Employers can't use arbitration as shield against liability

Arbitration remains a controversial legal matter in California courts

Employers can't use arbitration as shield against liability

The purpose of arbitration, according to the California Arbitration Act and the Federal Arbitration Act, is to encourage parties seeking to avoid delays associated with civil actions to resolve their differences via a tribunal of their own choice.

In Leshane v. Tracy VW, Inc., the plaintiffs brought a complaint against their former employers, Tracy VW, Inc. and RJ Gill Ventures, Inc. They claimed several Labor Code violations on their own behalf as ex-employees, on behalf of others similarly situated, and on behalf of the state under the Private Attorneys General Act of 2004 (PAGA).

The former employers brought a petition to compel arbitration. The plaintiffs amended their complaint to allege Labor Code violations solely as the state’s representatives under the PAGA. The employers continued to seek arbitration of the plaintiffs’ individual claims and asked for the court to dismiss the plaintiffs’ class claims in line with arbitration agreements that the plaintiffs signed.

Read more: Court refuses to enforce arbitration agreement against employee who can’t read English

The trial court denied the petition to compel arbitration. It found that plaintiffs’ claim under PAGA was not subject to arbitration, based on the decision in Iskanian v. CLS Transportation Los Angeles, LLC (2014).

The employers appealed. They acknowledged that the PAGA claim could not be compelled to arbitration and that the plaintiffs were not actively pursuing relief based on any arbitrable legal or factual questions.

However, the employers argued that they still required arbitration to resolve the plaintiffs’ individual claims in their original complaint. They also asked the court to interpret “controversy” under s. 1281.2 of the Code of Civil Procedure to include any question subject to an arbitration agreement, even if no claimant was raising the question in any forum.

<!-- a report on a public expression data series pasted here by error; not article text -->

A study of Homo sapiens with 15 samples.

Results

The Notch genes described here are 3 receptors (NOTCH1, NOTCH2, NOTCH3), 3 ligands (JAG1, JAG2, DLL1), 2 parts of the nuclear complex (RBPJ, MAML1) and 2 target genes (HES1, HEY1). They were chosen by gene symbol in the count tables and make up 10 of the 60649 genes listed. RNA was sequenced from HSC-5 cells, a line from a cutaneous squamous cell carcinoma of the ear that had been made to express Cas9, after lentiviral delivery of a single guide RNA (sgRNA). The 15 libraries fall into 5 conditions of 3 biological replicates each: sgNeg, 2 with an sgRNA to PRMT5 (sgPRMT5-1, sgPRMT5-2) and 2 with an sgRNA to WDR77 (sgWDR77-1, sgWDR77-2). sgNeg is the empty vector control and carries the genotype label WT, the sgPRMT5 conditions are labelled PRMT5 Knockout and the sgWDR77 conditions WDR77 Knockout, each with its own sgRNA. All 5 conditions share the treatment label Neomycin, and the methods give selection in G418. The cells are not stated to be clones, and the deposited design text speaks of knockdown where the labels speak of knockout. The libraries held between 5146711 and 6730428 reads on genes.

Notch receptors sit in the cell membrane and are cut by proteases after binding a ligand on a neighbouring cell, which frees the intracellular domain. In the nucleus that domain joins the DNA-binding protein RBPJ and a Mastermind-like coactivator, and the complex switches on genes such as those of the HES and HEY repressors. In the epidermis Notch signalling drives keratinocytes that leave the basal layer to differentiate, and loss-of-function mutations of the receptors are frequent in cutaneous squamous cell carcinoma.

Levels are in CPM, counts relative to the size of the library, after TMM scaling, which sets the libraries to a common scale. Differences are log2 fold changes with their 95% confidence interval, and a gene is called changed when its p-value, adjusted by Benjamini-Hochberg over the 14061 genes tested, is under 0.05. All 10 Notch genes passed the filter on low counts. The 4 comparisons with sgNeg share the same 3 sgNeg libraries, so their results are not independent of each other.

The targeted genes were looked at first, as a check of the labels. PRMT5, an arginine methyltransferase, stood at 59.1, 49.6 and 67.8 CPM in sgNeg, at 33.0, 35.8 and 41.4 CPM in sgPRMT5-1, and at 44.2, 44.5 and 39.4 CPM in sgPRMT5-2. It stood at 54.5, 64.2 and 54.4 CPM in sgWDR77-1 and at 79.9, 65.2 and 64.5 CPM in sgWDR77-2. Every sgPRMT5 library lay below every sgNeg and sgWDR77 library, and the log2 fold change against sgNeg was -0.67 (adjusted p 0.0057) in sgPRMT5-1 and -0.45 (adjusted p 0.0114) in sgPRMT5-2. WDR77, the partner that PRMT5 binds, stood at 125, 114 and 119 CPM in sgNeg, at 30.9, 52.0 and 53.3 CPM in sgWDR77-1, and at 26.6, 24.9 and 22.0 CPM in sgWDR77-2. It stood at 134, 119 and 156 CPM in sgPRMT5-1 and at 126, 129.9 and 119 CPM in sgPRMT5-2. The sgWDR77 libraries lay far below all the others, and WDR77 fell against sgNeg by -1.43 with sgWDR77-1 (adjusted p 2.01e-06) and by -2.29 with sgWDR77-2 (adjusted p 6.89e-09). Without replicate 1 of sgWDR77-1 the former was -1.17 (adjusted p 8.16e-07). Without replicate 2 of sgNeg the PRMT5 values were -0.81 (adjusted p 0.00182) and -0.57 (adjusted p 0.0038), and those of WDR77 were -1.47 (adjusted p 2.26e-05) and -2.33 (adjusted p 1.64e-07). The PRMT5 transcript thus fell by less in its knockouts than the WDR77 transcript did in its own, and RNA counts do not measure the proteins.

The California Court of Appeal for the Third District affirmed the trial court’s decision denying the employers’ petition to compel arbitration.

The appellate court accepted that a legal action was not a requirement for arbitration, but refused to give s. 1281.2 the broad interpretation that the employers were claiming. There would be no bilateral dispute to resolve through arbitration if there was no claimant seeking to address a question subject to the arbitration agreement.

The employers could conduct an internal investigation of the plaintiffs’ claims if they wanted to determine the validity of the alleged Labor Code violations, rather than seeking arbitration for the purpose of staying the plaintiffs’ legal action, the appellate court said.

In effect, the employers were using arbitration as a shield against liability under PAGA, not as a forum for neutral dispute resolution, which was arbitration’s intended purpose, the appellate court explained. The plaintiffs’ individual Labor Code claims were not between parties and were not a controversy under s. 1280(d), the appellate court concluded.

Learn more at Employment Law Masterclass California.